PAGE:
Risk mitigation in Scrum

February 19, 2014

The Product Owner starts the Scrum cycle with identifying requirements of the client through a Stakeholder Meeting. It is up to the Product Owner to clearly outline the customer needs and place them in a Prioritized Product Backlog. Here risk plays a crucial role as it becomes essential to determine high risk elements and place them high in the backlog. The sooner these elements are identified and dealt with in early Sprints the better for the success of the project as the possibility of mitigating larger risks diminish with the progress of the project. Here the Product Owner plays a significant role in discussing various elements with the Scrum team and clarifying doubts. Thus the Product Owner gets a great deal of help from the Scrum Team in prioritizing requirements which the team in turn breaks down into definite User Stories and further into tasks.

The involvement of various stakeholders in the project with the technical personnel makes a mark in risk mitigation in Scrum. The “input-development-feedback” mechanism which is continuous in Scrum keeps everything transparent and pitfalls are readily visible. The Prioritized Product backlog is constantly groomed, i.e. it is analyzed and revaluated all the time as requirements change and/or issues crop up as development of a feature leads to finding a new element which demands immediate attention. Scrum as an Agile framework lets you do exactly that – be agile and incorporate changes in short notices. Scrum’s core principle of Empirical Process Control is thus practiced and upheld. In Scrum, planning is seen as an ongoing process and is represented by grooming of the Product Backlog and the Sprint Planning Meeting at the beginning of every Sprint. Unlike traditional waterfall methodologies where planning is detailed and upfront, this Scrum practice zeroes in on the risk factor. Yet, it is not to be taken for granted as active participation is required by the Product Owner, the Scrum master, and the Scrum Team to keep the mechanism running smoothly. Issues not addressed for long durations may turn into potential risks and take up more time and effort to resolve as time passes.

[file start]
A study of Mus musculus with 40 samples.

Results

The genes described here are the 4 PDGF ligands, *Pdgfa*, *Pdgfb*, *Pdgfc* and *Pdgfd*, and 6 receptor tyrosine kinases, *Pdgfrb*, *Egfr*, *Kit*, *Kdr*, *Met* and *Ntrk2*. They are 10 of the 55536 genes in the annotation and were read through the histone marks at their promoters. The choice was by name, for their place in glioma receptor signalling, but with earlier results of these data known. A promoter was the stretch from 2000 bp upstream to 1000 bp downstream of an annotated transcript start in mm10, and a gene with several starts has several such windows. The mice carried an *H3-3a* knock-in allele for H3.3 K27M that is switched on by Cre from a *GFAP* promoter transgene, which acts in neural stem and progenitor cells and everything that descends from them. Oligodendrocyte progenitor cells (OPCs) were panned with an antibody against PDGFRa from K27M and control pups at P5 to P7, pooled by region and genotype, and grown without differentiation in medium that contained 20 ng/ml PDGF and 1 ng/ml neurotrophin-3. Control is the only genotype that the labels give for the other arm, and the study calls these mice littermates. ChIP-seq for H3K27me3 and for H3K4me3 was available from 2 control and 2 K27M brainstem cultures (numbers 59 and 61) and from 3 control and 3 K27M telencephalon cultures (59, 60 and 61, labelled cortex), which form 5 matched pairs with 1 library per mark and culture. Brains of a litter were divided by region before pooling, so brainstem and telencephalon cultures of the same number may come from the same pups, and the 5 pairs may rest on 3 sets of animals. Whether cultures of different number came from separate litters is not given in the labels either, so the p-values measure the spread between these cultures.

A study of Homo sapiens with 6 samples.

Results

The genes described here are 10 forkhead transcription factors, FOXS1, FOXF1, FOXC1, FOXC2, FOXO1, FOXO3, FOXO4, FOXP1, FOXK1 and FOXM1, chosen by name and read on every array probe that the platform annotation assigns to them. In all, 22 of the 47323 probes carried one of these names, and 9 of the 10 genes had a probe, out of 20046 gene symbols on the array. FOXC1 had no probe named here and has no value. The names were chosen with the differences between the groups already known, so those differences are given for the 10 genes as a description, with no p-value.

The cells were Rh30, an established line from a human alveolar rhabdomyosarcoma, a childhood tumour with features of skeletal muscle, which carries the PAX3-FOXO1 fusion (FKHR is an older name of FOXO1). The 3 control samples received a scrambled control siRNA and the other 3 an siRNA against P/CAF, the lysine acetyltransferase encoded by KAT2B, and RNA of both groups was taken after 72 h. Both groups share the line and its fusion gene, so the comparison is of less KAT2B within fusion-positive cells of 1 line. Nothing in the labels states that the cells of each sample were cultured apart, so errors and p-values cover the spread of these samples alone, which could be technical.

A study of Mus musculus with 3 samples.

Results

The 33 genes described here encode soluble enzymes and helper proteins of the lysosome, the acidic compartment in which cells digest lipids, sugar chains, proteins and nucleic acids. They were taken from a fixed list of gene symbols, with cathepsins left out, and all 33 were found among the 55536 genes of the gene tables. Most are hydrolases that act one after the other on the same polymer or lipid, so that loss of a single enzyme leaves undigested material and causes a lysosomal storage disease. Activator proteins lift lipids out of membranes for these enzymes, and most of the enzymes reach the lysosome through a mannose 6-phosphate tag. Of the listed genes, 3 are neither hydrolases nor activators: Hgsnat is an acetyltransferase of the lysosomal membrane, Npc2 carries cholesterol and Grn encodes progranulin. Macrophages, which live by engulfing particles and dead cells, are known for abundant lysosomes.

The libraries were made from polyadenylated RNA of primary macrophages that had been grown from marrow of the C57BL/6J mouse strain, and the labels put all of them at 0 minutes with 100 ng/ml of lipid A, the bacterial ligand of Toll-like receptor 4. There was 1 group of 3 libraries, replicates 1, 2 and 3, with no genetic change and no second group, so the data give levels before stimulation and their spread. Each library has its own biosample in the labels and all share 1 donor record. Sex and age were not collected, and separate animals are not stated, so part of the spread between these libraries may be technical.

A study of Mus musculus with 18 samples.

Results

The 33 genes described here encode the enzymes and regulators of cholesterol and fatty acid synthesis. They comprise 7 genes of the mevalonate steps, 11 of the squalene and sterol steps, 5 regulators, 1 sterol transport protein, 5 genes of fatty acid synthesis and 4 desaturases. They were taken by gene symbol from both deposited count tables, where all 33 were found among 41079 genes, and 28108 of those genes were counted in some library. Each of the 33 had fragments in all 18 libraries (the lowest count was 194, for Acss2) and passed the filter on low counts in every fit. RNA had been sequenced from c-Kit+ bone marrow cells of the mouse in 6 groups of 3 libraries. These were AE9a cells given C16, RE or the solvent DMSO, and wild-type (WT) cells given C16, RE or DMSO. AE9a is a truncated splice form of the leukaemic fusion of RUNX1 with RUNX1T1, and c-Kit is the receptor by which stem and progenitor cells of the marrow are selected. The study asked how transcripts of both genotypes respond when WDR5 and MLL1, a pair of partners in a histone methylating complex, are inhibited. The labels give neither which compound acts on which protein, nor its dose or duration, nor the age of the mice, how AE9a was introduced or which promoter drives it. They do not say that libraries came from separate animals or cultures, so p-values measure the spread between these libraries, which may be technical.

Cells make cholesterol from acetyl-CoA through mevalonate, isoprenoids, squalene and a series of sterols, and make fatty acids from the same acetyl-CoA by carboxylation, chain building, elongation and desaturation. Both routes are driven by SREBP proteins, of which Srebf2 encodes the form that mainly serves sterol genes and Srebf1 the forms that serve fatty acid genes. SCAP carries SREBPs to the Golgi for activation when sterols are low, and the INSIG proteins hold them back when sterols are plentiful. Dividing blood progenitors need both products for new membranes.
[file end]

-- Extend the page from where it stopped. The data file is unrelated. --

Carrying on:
Some of the Scrum practices which help in mitigating risks are:

1. Flexibility of adding and modifying requirements

2. Regular feedback through the iterative nature of Scrum

3. Team ownership of Sprint Backlog items

4. Transparency ensures detection of risks and early communication

5. Iterative delivery reduces investment risk

In Scrum, it is important to learn and practice its basic principles which collectively and naturally help in effective management of risk.